We'll be studying something, like how to write a research paper, and I'll make one that has some problems or use one from a previous student, and we go over in class and grade it using some guidelines that I draw up. My hope, from that experience, is that they'll know what to do.
So, here is my non example for you. Perhaps you can spot where I went wrong.
So, Sunday, I got up to do my long slow run.
Normally I eat pasta or something bready the night before and then having a high-carb breakfast about three hours before I run. Then, right before I run, I either take a gel or two and some water OR about half an energy drink before I run.
This time, however, I skipped dinner the night before since I wasn't hungry. And so it was that my last meal was some fries around 2 pm the day before.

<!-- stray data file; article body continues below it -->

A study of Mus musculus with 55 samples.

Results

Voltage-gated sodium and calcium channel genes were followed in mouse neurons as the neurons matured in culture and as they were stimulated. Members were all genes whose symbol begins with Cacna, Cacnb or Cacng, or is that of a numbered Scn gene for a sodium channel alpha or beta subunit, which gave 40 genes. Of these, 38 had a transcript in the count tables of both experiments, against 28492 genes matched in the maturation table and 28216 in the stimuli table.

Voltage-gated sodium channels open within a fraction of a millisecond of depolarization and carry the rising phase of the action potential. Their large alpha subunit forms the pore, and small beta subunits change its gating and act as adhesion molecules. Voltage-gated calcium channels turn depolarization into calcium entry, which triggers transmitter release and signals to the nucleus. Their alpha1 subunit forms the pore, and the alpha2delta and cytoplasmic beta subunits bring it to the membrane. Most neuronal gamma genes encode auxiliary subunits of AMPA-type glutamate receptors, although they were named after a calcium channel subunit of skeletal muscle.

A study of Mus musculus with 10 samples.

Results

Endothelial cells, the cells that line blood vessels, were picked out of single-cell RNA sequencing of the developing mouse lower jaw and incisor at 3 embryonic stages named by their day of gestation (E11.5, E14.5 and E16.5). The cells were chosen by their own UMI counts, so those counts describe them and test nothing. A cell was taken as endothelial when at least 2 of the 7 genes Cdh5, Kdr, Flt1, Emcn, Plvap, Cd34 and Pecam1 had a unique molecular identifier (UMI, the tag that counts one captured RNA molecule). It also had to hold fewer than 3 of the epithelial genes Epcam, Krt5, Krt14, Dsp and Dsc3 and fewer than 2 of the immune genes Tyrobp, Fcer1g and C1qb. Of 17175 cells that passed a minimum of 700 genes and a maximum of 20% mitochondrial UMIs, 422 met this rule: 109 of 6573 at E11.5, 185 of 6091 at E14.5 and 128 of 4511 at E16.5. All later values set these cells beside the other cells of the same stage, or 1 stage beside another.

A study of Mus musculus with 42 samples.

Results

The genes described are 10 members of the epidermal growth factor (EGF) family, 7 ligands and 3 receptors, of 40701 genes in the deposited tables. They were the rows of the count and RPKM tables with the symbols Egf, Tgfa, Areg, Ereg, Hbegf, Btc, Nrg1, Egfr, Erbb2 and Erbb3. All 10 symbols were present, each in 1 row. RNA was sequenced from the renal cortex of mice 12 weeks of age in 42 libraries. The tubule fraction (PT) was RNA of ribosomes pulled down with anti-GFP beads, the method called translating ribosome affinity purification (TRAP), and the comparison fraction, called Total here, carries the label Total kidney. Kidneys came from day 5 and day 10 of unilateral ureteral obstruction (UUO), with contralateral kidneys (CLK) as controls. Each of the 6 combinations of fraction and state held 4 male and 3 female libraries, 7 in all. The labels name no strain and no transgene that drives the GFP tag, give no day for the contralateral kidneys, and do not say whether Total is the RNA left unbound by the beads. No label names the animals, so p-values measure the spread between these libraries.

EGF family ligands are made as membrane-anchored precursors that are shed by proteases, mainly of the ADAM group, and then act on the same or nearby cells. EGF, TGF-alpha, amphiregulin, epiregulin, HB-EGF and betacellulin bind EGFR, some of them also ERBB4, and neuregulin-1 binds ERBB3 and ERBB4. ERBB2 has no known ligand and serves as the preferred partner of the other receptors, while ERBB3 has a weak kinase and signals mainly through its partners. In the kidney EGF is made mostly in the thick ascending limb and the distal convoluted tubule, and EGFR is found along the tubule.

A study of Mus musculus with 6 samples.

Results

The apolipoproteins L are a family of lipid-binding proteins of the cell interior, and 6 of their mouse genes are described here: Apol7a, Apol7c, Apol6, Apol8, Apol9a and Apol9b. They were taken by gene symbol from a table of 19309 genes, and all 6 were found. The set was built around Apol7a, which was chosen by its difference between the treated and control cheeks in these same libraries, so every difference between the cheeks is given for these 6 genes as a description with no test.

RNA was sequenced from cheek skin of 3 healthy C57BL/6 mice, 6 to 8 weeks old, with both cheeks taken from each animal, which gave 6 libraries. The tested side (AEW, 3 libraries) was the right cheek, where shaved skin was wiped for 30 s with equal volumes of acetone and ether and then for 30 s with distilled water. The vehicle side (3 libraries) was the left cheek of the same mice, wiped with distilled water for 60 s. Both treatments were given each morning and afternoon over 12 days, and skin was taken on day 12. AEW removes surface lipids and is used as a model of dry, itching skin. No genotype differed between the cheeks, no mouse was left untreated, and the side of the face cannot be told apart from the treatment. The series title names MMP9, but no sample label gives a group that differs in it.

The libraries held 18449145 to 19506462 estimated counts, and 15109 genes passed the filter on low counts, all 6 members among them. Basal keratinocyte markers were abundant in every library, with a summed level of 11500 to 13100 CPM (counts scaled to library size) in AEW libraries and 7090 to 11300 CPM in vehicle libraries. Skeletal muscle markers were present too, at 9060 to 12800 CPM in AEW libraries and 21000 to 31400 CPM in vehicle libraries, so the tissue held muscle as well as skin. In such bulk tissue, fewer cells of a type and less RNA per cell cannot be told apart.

ANYhoo, I woke up kind of late and so, after nibbling down a cliff Z-bar (about 220 calories) I got dressed and headed out. I didn't eat any more because I didn't want that big "sloshing" feeling in my stomach and I didn't want to delay running any more since it was likely to get warm out.
Sweet Baboo asked me if two 10-ounce bottles of Nuun (read: 20 ounces of water, electrolytes, no carbs) would be enough.
"of course," I said, "besides, it's not very warm out."
About 2 miles into my run I was thinking to myself, gee, I sure wish I'd brought a gel, but then, I wouldn't have had room for my spare key or chapstick I was carrying in my hydrations belt.
By mile 3, I felt, shall we say, a bit weak. My first though, "I'm dehydrated." So I drank about half of my Nuun. By mile 5, I felt a little weaker still. "Gee," I thought, "I wonder if I should have gotten some more nutrition in before starting this run."
By mile 6 I was nauseated, and by mile 8 I was weak and more than a little dizzy. I was running a quarter mile and then walking a quarter mile. It was the longest 10 miles I've ever run.
So tell me, boys and girls, what grade would you give me for 1) insight, 2) planning, and 3) life-threatening and stupid behavior?
I don't fail. I succeed at finding out what doesn't work.